Onguza has launched its first bike, a steel-framed gravel bike called the Gravel Model 1.
Displaying the Gravel Model 1 at the Bespoked Cycle Show in London, Dan Craven, the brand’s founder and a former professional cyclist, says the bike is intended to represent the small town of Omaruru, Namibia in Africa, where Onguza is based.
Craven says the bike also has features that should make it appealing to an international market.
Onguza first launched in 2021, but it is only now the brand has officially launched its first bike, with 15 framesets and five complete builds available.
Craven says when the bikes are gone, they are gone, and you will have to wait for Onguza to release a new batch of bikes in the future.
Why make a gravel bike?
Craven spent his professional career racing on the road, completing the Vuelta España and being crowned the national road champion of Namibia four times.
He also planned to race an Onguza road bike at the Tokyo Olympics last year, before he had to withdraw after contracting Covid-19.
As a result, the fact that Onguza’s first publicly available bike is a gravel bike may seem unusual. Surely, the road racer would start a brand with a road bike?
However, the reason Onguza has launched a gravel bike first can be put down to an attitude Craven will share with many people who have taken to this style of bike.
“The reason gravel bikes are so popular is that you can do everything with them,” he explains.
“Even when I was living in Girona training for the Olympics, the only bike I had was a gravel bike.”
For Namibia and beyond
In a bid to make the Gravel Model 1 as versatile as possible, Craven has designed the bike to be fitted with 700x42mm gravel bike tyres.
Craven says in his time riding in the UK, Girona and elsewhere, this was the most popular gravel tyre size he saw.
He puts this down to the capability of the tyre off-road, but also the fact it doesn’t limit you too much on the road.
A gravel rider in London, for instance, is going to spend a lot of time riding on roads out of the city to find gravel tracks.
Having said this, Craven still wants the Gravel Model 1 to reflect where he lives in Namibia.
“I still want the essence of the bike to be so you are able to cycle across Africa,” says Craven.
To this end, you can fit 650b wheels into the Gravel Model 1’s frame for extra tyre clearance, which would help you take on the terrain around Omaruru.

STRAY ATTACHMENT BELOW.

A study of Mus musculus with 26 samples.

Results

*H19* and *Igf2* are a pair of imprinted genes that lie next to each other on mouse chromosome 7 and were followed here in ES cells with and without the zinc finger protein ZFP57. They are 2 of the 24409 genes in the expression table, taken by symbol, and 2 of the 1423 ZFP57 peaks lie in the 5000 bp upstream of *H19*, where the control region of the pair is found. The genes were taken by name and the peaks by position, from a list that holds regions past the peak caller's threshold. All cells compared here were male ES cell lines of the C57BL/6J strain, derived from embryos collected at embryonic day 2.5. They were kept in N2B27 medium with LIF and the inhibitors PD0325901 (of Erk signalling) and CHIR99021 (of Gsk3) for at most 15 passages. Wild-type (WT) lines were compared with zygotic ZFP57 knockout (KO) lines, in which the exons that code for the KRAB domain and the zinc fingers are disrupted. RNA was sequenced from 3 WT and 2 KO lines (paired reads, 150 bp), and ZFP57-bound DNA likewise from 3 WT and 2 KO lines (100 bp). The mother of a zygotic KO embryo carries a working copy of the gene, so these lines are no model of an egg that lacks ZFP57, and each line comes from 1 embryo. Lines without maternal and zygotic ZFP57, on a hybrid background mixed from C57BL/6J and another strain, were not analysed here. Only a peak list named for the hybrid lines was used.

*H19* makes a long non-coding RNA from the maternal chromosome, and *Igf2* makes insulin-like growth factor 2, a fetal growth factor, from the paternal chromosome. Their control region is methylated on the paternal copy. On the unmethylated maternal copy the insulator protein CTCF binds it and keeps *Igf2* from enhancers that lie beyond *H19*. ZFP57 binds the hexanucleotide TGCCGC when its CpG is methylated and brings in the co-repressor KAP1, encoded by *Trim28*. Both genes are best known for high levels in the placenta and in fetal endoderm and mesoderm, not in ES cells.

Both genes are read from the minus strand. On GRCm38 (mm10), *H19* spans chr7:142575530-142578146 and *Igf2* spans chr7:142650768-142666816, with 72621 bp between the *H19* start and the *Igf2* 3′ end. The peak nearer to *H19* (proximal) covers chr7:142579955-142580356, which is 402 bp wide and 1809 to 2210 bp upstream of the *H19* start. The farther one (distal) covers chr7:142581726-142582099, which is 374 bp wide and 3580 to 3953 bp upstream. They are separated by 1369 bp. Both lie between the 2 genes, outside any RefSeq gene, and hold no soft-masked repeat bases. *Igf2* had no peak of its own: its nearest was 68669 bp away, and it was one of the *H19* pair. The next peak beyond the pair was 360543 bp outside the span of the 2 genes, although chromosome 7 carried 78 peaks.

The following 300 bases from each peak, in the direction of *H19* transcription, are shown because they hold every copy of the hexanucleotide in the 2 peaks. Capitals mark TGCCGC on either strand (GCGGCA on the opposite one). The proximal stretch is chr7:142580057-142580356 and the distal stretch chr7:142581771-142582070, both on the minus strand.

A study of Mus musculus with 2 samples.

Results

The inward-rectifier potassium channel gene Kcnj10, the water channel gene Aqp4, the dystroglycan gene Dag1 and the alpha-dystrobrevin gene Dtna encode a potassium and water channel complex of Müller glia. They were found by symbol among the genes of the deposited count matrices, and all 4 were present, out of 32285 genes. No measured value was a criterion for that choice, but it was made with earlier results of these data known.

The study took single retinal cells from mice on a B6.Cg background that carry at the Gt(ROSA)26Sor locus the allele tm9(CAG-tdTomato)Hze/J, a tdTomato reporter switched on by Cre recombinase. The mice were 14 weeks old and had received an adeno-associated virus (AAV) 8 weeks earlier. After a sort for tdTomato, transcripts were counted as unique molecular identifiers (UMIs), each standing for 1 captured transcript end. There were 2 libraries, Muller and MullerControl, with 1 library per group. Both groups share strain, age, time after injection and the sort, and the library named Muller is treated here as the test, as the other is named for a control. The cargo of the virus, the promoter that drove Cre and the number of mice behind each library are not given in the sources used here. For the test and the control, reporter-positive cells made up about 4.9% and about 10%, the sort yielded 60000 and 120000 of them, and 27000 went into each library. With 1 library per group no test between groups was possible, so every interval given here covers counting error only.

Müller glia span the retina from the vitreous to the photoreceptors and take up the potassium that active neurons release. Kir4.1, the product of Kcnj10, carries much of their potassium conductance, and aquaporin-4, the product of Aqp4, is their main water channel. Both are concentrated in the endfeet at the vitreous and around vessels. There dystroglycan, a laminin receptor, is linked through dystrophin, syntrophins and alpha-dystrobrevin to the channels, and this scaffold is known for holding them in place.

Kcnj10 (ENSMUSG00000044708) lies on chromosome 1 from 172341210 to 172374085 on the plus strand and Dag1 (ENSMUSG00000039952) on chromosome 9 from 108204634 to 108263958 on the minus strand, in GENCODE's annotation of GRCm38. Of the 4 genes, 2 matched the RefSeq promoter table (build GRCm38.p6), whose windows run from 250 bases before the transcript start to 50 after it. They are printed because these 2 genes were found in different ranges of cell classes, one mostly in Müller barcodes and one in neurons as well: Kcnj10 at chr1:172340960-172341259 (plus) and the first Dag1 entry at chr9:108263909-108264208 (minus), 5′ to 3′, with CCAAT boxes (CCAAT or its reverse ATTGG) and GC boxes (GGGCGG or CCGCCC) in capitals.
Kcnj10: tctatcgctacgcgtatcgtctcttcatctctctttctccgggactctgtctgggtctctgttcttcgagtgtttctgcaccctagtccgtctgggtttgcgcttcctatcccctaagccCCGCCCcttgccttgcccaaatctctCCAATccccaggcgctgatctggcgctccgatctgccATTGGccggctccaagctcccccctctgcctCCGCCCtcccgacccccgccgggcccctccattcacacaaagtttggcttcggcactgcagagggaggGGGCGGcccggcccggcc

“If you want to ride around London on the bike, you can do that. But if you want to go to far-off, magical places, you can put other wheels on it and discover that magic,” says Craven.
In Namibia, the theory is that the bigger the tyre you run, the more comfortable the bike will be, due to its rigid frame.
But ultimately, Craven doesn’t see this as ideal for a global audience: he says a narrower gravel tyre will be more suitable for those needs.
The Gravel Model 1 might not be ‘correct’ with road wheels and tyres, but it will still be a great ride, according to Craven.
The beauty of small places and the practicality of standard frames
Having drawn on the expertise of the Bicycles Academy, Matthew Sowter of Saffron bikes and frame builder Robin Mather, Craven believes Onguza will make beautiful bikes – especially due to the skills of those he works with.
“Namibia’s a land of makers,” Craven adds. “The skills people in Namibia have mean they can do things without tools – it’s amazing.”
But Craven says he wants to build bikes that are “doing something else”.
“In a nutshell, I believe in the beauty of small towns. When you ride your bike through London, it’s a blur of people and things. But if you go out in the Scottish mountains, you’re not just going to cycle past another person.
“If you come to Namibia and you cycle on our gravel roads and see another cyclist, you are stopping. You’re getting off your bike to talk.”
This is why the bike can fit 650b or 700c wheels, but also why it’s available in stock sizing rather than as custom builds, like many of the other bikes on display at Bespoked.
“My faith in stock geometry is very different to people at Bespoked,” says Craven. He says he raced for many years on stock bikes, descending mountains at over 100kmph.
“My philosophy is there’s a time and a place for custom geometry, but I think your average person can be very happy on stock geometry,” adds Craven.
The other reason for creating bikes with stock rather than custom geometry is location.
Namibia is far away from many of the markets Craven wants to sell into, so building custom bikes is logistically hard.
Craven believes creating standard frames will enable Onguza to sell into these markets and help achieve one of his other aims: changing people’s perceptions of where he is from.
“People aren’t used to beautiful things coming out of Africa. So, what if you make something that goes overseas? Suddenly, it’s spreading the love and showing small towns can come out and be seen.”